Are the PC police fashion police as well?
Apparently they are, in the tiny town of Bulverde, Texas, 30 minutes north of San Antonio.
Brett Bartlett Mauthe arrived to vote wearing a hat supporting Donald Trump and a "basket of deplorables" T-shirt -- a reference to Hillary Clinton's remarks that half of Trump's supporters were "a basket of deplorables" such as racists, sexists, homophobes or xenophobes, a generalization she later said she regretted.
Campaigning for a political candidate within a designated space around a polling place is prohibited most jurisdictions, and in Comal County, the space is 100 feet.
Poll workers asked Mauthe to remove his hat, which he did. They then asked him to turn his "deplorables" T-shirt inside out, and he refused.
The police were called, Mauthe was calm and cooperative when they arrived, but he was arrested and released on a $700 cash bond.
"I went up there and talked to him," said Bulverde Police Chief Gary Haecker. "I told him 'I support you and I appreciate what you're doing. It's your right, but you're going about it the wrong way here.' The election code has very specific rules. These are the rules and you have to abide by the rules."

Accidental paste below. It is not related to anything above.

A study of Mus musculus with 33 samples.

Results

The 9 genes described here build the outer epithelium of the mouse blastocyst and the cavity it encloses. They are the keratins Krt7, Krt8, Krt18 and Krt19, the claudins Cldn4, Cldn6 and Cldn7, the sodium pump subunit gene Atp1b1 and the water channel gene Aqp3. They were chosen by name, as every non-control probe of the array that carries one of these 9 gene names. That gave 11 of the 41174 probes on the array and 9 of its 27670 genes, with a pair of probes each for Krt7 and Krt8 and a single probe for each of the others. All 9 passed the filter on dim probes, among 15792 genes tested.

We find it hard to believe every polling place in the nation is devoid of "I'm With Her" stickers or "Make America Great Again" baseball caps worn by voters.
Or, how about Trump fans who are pledging to wear red on election day to show support for their candidate to overcome alleged media bias?
If everyone wearing red -- or blue for that matter -- is turned away from the polls, we will have remarkably low turnout.
Polling place campaign prohibitions were originally designed to prevent candidates or their supporters from in-person election-day intimidation of voters, and that's an appropriate restriction.
More and more of us are voting in advance, making it easier to find time for sober reflection in relative privacy that is not available on election day.
With voter turnout struggling to top 30 percent in most recent elections, we shouldn't have to worry about interference from the fashion police on our way to the polls.